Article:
One Work Short Take: Joseph E. Yoakum at the Menil Drawing Institute

by Matthew Bourbon May 30, 2022

Para leer este artículo en español, por favor vaya aquí. To read this article in Spanish, please go here.

Ink on paper drawing of a river cutting through a mountain

Joseph E. Yoakum, “Grizzly Gulch Valley Ohansburg Vermont,” n.d. Black ballpoint pen and watercolor on paper, 7 7/8 x 9 7/8 in. The Museum of Modern Art, New York. Gift of the Raymond K. Yoshida Living Trust and Kohler Foundation, Inc., 2013

Joseph E. Yoakum’s quixotic drawings are depictions of a world familiar yet whimsically fictitious. If you’ve not heard of Yoakum, he was a self-taught artist born twenty-six years after the Civil War. He started making fantastical drawings of locales across the globe at the advanced age of seventy-one. Ignited by a dream, Yoakum put his nose to the proverbial grindstone and created nearly two thousand drawings before his death a year later. Emerging from his desire to travel to all parts, Yoakum envisioned his drawings almost as holiday postcards with each location’s name scrawled in a wobbly handwritten text across the face of the drawings.

As with many artists not traditionally trained, he mostly sidesteps conventional methods of depiction for an individualized technique filled with eccentric arrangements and refreshingly direct material choices. Almost all the works are made with ballpoint pen, colored pencil, and pastel. Primarily focused on depicting the land, his art evokes the model-like masses and rock formations seen in European medieval painting. There is also a fascinating mark making and uneven perspective in nearly all the drawings. When speaking about an unschooled artist, such as Yoakum, the work is too often patronizingly dismissed as unknowing in terms of standards of western technique (as if that is the only value in art). Simultaneously, the shortage of training is frequently noted as important to the art’s childlike forthright charm — which can seem vaguely trivializing.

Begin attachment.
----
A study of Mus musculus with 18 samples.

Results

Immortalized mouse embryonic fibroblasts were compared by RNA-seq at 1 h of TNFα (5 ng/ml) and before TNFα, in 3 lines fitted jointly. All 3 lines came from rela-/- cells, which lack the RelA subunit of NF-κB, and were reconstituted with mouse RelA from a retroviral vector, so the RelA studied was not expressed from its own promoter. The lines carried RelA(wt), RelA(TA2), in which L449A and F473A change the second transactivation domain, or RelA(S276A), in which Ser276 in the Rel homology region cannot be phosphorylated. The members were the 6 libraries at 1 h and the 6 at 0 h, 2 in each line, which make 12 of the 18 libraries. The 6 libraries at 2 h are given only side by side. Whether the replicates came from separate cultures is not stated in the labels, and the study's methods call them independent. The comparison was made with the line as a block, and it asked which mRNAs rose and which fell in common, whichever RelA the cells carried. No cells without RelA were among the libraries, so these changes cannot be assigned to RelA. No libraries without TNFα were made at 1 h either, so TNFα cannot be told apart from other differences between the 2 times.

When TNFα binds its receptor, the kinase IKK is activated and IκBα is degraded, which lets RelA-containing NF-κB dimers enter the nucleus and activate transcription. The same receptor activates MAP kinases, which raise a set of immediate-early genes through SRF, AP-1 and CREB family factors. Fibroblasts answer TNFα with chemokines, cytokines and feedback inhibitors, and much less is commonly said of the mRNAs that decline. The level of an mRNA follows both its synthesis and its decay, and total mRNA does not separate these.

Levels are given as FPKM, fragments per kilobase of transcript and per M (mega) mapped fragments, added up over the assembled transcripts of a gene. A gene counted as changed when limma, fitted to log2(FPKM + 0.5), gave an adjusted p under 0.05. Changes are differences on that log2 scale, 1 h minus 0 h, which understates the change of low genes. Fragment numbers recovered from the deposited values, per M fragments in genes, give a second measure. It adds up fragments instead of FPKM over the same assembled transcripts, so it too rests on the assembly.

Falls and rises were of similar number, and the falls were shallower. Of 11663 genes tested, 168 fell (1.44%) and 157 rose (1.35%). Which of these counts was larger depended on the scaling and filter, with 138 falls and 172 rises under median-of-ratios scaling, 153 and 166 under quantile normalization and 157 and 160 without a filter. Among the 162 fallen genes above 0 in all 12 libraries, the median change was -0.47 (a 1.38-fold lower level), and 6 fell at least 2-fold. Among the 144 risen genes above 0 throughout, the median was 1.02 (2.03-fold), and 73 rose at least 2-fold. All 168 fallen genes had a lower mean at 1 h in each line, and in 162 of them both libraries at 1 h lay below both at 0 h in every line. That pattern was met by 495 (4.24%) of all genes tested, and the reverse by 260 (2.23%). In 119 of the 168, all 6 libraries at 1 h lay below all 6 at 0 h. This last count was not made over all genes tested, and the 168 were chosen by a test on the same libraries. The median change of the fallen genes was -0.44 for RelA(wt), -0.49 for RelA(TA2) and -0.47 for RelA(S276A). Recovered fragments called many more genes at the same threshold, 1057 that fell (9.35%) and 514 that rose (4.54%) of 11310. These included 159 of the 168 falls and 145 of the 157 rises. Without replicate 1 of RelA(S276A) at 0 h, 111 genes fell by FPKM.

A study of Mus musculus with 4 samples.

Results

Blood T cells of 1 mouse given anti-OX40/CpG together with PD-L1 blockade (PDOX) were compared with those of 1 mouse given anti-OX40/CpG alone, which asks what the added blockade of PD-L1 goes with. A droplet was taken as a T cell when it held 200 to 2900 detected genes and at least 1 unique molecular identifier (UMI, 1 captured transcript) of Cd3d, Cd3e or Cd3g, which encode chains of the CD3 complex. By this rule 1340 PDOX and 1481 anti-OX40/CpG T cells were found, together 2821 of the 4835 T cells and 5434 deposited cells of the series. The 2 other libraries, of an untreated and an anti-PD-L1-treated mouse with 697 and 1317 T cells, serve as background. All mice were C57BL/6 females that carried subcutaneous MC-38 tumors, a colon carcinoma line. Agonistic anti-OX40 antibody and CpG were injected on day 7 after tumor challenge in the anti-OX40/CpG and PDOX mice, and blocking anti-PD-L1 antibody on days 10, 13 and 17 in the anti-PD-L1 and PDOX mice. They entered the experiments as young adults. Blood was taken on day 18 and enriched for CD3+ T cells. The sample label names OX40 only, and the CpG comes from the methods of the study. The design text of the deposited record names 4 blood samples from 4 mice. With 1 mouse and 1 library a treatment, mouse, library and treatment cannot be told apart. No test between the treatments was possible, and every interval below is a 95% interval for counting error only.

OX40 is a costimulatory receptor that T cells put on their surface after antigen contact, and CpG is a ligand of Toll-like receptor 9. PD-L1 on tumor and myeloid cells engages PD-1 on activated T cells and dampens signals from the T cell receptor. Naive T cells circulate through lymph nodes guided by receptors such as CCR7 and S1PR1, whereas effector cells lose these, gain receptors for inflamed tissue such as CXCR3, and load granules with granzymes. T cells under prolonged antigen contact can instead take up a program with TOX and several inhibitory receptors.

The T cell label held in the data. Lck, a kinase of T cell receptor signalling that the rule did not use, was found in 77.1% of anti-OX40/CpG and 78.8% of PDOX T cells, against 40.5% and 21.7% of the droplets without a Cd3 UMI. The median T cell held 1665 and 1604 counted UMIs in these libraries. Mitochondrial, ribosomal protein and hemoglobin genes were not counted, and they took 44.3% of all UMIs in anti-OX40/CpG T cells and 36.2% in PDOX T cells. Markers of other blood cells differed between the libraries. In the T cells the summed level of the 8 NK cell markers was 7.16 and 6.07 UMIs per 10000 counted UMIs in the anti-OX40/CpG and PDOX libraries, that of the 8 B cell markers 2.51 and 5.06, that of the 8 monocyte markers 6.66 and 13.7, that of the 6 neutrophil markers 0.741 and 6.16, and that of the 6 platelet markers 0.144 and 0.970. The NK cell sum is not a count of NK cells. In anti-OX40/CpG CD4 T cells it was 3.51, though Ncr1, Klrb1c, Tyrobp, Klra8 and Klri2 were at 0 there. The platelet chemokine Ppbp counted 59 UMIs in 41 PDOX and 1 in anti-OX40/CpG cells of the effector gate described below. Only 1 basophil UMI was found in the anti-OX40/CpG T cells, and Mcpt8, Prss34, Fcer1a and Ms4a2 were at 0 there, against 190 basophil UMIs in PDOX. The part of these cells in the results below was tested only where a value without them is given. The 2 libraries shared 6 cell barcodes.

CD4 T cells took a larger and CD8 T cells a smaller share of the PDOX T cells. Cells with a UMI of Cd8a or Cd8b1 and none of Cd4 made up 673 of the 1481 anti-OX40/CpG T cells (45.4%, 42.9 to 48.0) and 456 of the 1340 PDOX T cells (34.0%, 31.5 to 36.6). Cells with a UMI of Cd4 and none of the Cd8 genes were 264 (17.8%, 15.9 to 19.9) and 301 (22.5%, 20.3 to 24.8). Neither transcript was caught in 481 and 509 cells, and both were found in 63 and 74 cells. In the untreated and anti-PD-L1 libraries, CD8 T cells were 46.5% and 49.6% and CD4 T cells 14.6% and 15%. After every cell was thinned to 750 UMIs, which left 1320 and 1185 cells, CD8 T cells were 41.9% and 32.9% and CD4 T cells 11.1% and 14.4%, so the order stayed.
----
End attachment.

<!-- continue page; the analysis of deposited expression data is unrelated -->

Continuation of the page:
As those who make art understand, prowess in technique is only one door into an artwork — inventiveness, happenstance collisions, and personality of vision are other, often more powerful indicators of great art. Instead of over-valuing an artist’s technical knowledge, we should simply take the work for what it is; in Yoakum’s case, his art is invigorating in its ability to redefine how landscape can be represented. 

A whimsical drawing of a flying saucer over a body of water in 1958

Joseph E. Yoakum, “Flying Saucer in 1958,” n.d. Purple and blue felt tip pen, pastel, colored pencil, and blue ballpoint pen on paper, 11 7/8 × 9 5/8 in. The Art Institute of Chicago, bequest of Whitney Halstead

I recommend seeing all 80 of the surprising drawings on display at the Menil Drawing Institute. While all are worth your time, I gravitated to the drawings where Yoakum is brimming with an unbridled confidence and ingenuity. In Wahoo Valley near Holdenville Oklahoma, for example, Yoakum toys with a variety of pictorial perspectives. There is a clear scale shift from larger trees in the foreground receding into smaller distant trees, accentuating a recessional rendering of space. The sky fades from a rich pinkish red into a pale blue toward the top of the page, suggesting a visually accurate sunrise or sunset. But the rendering of other parts of the land are unmoored from traditional modes of representation. They oddly flatten over the image like the peeled skin of a fruit. Etched with repeated marks, these moments of flowing land masses cohere into patterns unto themselves, while also reading as descriptions of gradations within the geography. Essentially Yoakum allows repetition to complicate our looking as we negotiate a world equally depictive and abstract. Even more unusual is the top right corner of the artwork, where a hill is inset with a vista of a lush green valley, echoing the central field of trees in the middle of the drawing. It’s like a miniature biosphere within the larger landscape, and as such feels like a secret parallel world. 

Since Yoakum did not travel to all the areas he depicted, there is an overarching sense of wishful longing in the work, or perhaps an almost biblical visionary fantasy of abundance. What Yoakum’s work ultimately emphasizes through his use of amorphous surreal depictions is art as drawing of the mind. His mental projections of places around the world highlight Yoakum’s sheer inventiveness as he constructs romantic pictures born from his abundant imagination and a curious claim that they are merely “what I saw.”


What I Saw is on view at the Menil Drawing Institute, Houston from April 22 through August 7, 2022. 



Joseph Yoakum’s work is indeed extraordinary. Thanks for this thoughtful take. Note: Yoakum’s years were 1891-1972, he was born after the Civil War
Jay Wehnert

howard sherman June 2, 2022 - 00:46

Using a very specific voice, this show is both imaginative and insistent. I liked the unique way Yoakum’s drawings described the world he imagined. Thanks for the review, Matthew Bourbon.